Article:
The world’s central banks led by the four heavyweights of the US Federal Reserve, the European Central Bank, the Bank of England and the Bank of Japan have done their utmost to support economies battered by Covid-19. They cut policy rates (close) to (or kept them below) zero, relaunched quantitative easing programs to support huge fiscal easing, and set up sizable lending programs for banks and even businesses.
As a result, the balance sheets of many central banks have ballooned to historic highs. But as vaccinations have brightened the public health outlook, financial markets’ attention has now shifted to the process of exiting (some of) these stimulus measures.
While the Bank of England and Bank of Canada have already announced reductions in the pace of their QE purchases, and the Reserve Bank of New Zealand even stopped buying bonds in July, other central banks like the Fed and ECB have not yet specified how or when they will end their QE-induced balance sheet expansion.
The Fed’s normalization process after the Global Financial Crisis offers a template for what could soon be in store. In December 2013 it started to taper its USD 85 billion monthly purchases by USD 10 billion following each Fed meeting, concluding the process in October 2014 before starting to raise policy rates in 2015. It did not start reducing the size of its balance sheet until 2018.
Currently, the Fed is adding USD 80 billion in Treasuries and USD 40 billion in mortgage-backed securities to its balance sheet every month. If the Fed were to initiate a reduction in its monthly purchases of USD 15 billion in November and make a similar reduction at each of its subsequent meetings, tapering could be concluded in October 2022.
The ECB tapered its monthly net asset purchases, which were part of its 2015 Asset Purchase Program (APP) to zero between 2017-18. But due to the economic outlook worsening, in Q3 2019 it reintroduced net APP purchases, which are currently supposed to run until “shortly before” the start of rate hikes. Note that its net asset purchases under the pandemic emergency purchase program (PEPP), which was launched in March 2020, are expected to be phased out by the middle of 2022.
The Bank of England’s purchase programs target a total amount of QE stock to be held. This is in contrast to the weekly or monthly target amounts without an end date set at other central banks. The current target for the BoE’s QE asset portfolio is GBP 895 billion. Our base case is for this target to be reached by the end of this year, which means that net monthly purchases – currently GBP 14 billion a month – would end in December 2021.
The Bank of Japan’s QE program started as a reflationary and a foreign exchange policy tool in 2010 but has since transformed into a supplementary tool to the yield curve control policy (YCC) framework. The bonds it has purchased have mainly had maturities of under 10 years, making the policy less distortionary for long-end bonds. In our base case, we expect the Bank of Japan to continue with its current policy mix of YCC and QE over the coming years.
Much like the Federal Reserve and Bank of England, most other G10 central banks that have also engaged in sovereign QE since the start of the pandemic are expected to stop increasing their holdings in the course of 2022. The exception may be the Reserve Bank of Australia given the role of QE in its own YCC policy.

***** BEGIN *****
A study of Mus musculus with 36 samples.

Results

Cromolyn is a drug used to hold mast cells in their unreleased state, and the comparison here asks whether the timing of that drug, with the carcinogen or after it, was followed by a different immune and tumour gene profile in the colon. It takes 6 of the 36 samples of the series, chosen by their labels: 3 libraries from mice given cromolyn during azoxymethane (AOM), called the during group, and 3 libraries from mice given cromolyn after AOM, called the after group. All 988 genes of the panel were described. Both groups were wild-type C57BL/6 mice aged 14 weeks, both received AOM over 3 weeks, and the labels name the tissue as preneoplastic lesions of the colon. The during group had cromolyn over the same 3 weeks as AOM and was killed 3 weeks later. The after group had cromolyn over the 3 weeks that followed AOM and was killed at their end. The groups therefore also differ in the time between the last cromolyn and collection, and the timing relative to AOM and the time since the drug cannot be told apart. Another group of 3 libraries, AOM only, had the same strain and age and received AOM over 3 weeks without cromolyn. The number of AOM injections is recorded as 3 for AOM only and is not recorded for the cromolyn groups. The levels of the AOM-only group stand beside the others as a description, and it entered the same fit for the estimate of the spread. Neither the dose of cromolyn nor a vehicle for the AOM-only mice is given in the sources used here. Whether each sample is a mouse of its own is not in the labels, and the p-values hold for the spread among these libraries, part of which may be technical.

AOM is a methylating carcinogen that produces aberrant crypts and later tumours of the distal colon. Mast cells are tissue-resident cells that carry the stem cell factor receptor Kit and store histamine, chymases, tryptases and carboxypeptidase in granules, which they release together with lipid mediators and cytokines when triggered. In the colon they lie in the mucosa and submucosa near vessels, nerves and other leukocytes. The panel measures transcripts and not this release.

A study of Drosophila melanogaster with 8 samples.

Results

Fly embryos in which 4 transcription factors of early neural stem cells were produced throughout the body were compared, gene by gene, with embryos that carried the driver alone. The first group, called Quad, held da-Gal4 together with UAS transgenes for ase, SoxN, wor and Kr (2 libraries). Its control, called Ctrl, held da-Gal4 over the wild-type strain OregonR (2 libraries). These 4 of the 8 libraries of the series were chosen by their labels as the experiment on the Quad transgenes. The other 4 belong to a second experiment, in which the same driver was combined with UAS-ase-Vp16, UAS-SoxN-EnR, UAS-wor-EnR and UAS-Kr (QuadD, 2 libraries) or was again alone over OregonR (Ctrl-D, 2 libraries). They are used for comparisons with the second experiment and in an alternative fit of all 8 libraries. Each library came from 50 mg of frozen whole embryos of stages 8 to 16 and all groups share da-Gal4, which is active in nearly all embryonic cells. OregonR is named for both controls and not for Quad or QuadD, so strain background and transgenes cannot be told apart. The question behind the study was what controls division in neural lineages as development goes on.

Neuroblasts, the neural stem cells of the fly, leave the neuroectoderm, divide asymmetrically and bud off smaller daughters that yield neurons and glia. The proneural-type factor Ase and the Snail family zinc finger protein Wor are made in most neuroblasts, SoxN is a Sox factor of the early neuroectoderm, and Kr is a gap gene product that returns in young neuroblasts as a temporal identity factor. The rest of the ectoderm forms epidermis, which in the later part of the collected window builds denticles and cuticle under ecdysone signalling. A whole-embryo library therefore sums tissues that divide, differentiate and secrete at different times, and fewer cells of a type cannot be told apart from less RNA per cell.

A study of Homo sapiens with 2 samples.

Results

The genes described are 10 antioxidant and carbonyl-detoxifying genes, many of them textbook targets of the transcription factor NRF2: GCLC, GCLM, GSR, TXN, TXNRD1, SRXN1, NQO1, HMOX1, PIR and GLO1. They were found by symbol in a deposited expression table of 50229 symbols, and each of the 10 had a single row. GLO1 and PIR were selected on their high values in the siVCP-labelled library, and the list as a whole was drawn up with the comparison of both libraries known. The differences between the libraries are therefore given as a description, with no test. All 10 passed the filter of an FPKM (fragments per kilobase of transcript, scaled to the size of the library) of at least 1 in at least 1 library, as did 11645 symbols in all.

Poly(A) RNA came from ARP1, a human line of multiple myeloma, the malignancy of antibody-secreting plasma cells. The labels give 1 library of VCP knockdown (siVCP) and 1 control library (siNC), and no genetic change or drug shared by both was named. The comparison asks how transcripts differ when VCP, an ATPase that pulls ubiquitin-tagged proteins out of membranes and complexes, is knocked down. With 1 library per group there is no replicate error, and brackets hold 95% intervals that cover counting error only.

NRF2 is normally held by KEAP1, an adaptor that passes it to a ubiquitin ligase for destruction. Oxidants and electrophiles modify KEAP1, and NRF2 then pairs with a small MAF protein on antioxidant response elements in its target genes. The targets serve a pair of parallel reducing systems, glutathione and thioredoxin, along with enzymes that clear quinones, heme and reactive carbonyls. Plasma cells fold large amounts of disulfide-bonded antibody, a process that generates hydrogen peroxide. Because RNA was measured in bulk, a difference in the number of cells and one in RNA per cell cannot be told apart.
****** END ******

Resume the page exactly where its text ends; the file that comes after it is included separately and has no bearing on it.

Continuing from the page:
Regarding rate rises, the markets are generally not pricing in a first rate hike until H2 2022 for the Federal Reserve and Bank of England, late 2023 for the ECB, and not at all within the next five years for the Bank of Japan. Among these central banks, the Bank of England will probably be the first to hike rates. Our base case assumes an initial rate hike by the BoE in Q4 2022. The Fed is expected to follow in Q2 2023.
Perhaps more importantly for bond yields is where policy rates are going to peak in any upcoming rate normalization cycle. Two things matter in this respect. The first is the cyclical inflation outlook and the associated need for policy changes. The second is the perceived ’neutral’ rate based on inflation expectations and real neutral rate estimates implied by markets or calculated by official institutions. These are shown in the table below.
So, what might central banks do if a new crisis were to emerge over the next five years? Forward guidance, large-scale asset purchases, generous lending programs and macroprudential adjustments have all became ’normal’ components of the central bank toolbox.
In any new recession, those that were able to hike rates in the run-up to it will quickly cut them back to zero. Some, including the Reserve Bank of New Zealand and Bank of England, will probably follow the examples of the ECB, Bank of Japan and Swiss National Bank and cut policy rates (slightly) below zero.
And governments will yet again resort to running large budget deficits, supported by central bank bond purchase programs. We would also expect renewed and/or bolder private sector debt purchases – perhaps with broader adoption of equity ETF purchases like the Bank of Japan undertook – and even larger and more generous loan programs to banks and (via banks) to the non-financial private sector
In conclusion, our central scenario is that most central banks will aim to unwind many of the policies they enacted during the pandemic, but that they will struggle to do so in full.
Assuming that fears of an inflationary regime change recede, our base case is that QE tapering will end next year (except for the Bank of Japan and ECB), most central banks start hiking rates in 2023. For most central banks, reducing their balance sheet holdings will only be on the agenda from late 2023 onwards, if at all.